Implications of White Diversity for U.S. Black-White Health Disparities

Stratification research in the U.S. has historically relied on non-Hispanic whites as a reference group to measure inequities between the majority white population and racial and ethnic minorities (Malat et al. 2018). The practice is common in comparisons between whites and other broad racial/ethnic groups (e.g., blacks, Hispanics compared to whites) and in more recent work that disaggregates heterogeneity within broad groups (e.g., native- and foreign- born blacks compared to whites) (Kauh et al. 2020). Such a strategy ignores several important demographic shifts that make the practice of using whites as a reference group increasingly problematic. First, whites are projected to be in the minority by 2040 (Vespa et al. 2020), which begs the question of appropriate reference category in studies of inequality, particularly if policies are driven by numerically larger minority groups. Second, the ethnic composition of whites has changed dramatically since the 1965 Immigration and Nationality Act and is far less homogeneous than typically assumed (Iceland 2014; Lopez and Radford 2017). In the 1960s, whites of western European descent made up 85-88% of the total white population; today, that proportion is down to less than one-half (Grieco 2010). In contrast, whites of eastern European and Middle Eastern/North African descent have been on the rise, as has the proportion of Whites who identify as “American” or “North American” (for a review, see Read et al. 2021). These compositional changes suggest that using the aggregate white category may obscure within-group inequalities and contribute to inaccurate estimates of gaps in inequality between whites and other racial and ethnic populations.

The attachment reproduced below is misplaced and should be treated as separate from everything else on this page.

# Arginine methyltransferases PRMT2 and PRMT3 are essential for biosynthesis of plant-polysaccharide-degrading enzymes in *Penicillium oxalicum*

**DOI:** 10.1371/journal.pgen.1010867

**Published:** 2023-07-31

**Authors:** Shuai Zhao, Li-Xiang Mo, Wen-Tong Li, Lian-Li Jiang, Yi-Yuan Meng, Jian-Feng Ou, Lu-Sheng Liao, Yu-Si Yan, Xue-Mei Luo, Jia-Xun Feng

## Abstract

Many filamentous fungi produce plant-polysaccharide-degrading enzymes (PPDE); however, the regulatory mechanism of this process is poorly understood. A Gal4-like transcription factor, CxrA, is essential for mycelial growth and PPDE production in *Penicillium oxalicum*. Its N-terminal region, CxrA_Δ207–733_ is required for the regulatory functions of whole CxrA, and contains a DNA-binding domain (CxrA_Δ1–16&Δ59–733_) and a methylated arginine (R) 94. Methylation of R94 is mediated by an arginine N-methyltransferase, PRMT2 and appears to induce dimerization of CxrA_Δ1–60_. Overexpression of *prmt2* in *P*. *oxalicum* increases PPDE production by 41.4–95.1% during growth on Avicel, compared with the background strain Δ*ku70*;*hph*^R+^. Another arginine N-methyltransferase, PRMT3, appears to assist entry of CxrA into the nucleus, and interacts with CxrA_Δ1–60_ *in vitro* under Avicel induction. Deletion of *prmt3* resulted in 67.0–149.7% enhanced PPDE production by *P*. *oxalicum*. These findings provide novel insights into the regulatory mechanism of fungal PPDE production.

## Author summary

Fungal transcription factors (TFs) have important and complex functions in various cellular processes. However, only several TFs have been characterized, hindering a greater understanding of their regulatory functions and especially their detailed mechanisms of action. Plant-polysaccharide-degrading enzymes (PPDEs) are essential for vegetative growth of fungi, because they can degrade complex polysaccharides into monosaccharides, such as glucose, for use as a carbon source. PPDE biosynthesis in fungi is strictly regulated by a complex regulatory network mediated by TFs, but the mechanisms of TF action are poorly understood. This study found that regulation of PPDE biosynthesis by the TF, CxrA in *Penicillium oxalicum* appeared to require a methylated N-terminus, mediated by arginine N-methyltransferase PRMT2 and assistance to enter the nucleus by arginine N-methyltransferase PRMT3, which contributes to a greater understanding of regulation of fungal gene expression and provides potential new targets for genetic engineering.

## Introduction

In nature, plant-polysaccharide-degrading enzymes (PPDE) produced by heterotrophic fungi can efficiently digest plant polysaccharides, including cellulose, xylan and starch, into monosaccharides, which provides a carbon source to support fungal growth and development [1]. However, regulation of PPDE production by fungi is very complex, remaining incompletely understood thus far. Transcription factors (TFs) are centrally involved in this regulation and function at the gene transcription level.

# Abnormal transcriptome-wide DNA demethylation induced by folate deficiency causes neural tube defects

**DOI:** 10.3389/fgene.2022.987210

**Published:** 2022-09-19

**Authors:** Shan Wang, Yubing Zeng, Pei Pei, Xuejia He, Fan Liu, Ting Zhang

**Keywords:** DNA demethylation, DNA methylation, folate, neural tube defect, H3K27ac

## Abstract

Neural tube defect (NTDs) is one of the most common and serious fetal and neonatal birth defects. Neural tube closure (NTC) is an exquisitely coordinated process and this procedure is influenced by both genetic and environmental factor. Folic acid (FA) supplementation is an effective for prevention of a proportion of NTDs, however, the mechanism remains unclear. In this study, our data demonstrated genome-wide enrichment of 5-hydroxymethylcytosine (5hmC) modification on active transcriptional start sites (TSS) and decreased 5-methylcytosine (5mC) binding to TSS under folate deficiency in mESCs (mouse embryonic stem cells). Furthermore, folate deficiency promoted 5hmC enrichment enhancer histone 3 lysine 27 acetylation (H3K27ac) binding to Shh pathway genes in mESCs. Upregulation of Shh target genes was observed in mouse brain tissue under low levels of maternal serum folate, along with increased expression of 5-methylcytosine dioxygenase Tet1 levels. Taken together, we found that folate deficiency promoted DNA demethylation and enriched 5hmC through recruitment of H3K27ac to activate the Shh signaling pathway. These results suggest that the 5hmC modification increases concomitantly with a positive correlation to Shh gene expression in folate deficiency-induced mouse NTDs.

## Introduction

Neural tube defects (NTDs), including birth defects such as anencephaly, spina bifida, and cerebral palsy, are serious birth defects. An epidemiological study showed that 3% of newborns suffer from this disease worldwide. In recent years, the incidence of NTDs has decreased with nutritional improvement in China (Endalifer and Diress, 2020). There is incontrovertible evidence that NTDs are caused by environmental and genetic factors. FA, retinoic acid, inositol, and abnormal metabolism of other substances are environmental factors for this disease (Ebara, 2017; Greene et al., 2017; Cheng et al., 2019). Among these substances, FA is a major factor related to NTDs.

To date, however, research continues to rely on a definition of whites that was created in an era of greater homogeneity among whites. In 1977, the White House Office of Management and Budget released federal standards for collecting data on race and ethnicity to provide consistency across federal agencies tasked with enforcing civil rights laws. The standards included five broad categories that were revised slightly in 1997 to yield the following racial groups: White; Black or African American; Asian or Native Hawaiian or other Pacific Islander; American Indian or Alaska Native; and two options for Hispanic or Latino ethnicity (yes/no).

Importantly, the OMB defines whites as “...persons having origins in any of the original peoples of Europe, North Africa, or the Middle East” (OMB, 1997). When the standards were created, over 80% of whites were of western European origin. The majority had arrived under welcoming immigration policies in a context that privileged whites over all other racial and ethnic groups. Fast forward to 2023 and the picture looks much different in terms of the ethnic composition of whites. Political and civil unrest in many parts of the Middle East and eastern Europe—couple with U.S. involvement in the regions—has resulted in more diverse waves of white migration to the U.S. Today, whites of western European descent make up a dwindling proportion of the white population, yet the aggregate category remains the basis for most studies that include whites in the analysis. Studies that disaggregate whites have indeed shown that there are disadvantaged white subgroups that are obscured when grouped together.

The proposed study aims to extend the emergent literature on diversity among whites to focus on interracial inequality. Given changes in the ethnic composition of whites over time, I ask whether and how this impacts knowledge on black-white health disparities. This is a timely and important question that addresses directly current debates on federal revisions to racial and ethnic categories. My work has informed these debates by demonstrating that the aggregate white category masks the needs of vulnerable populations classified as white, such as Arabs and eastern Europeans from the Former Soviet Union. What remains unknown is whether the aggregate white category also effects knowledge on racial and ethnic health disparities, more broadly. The current project will fill that gap.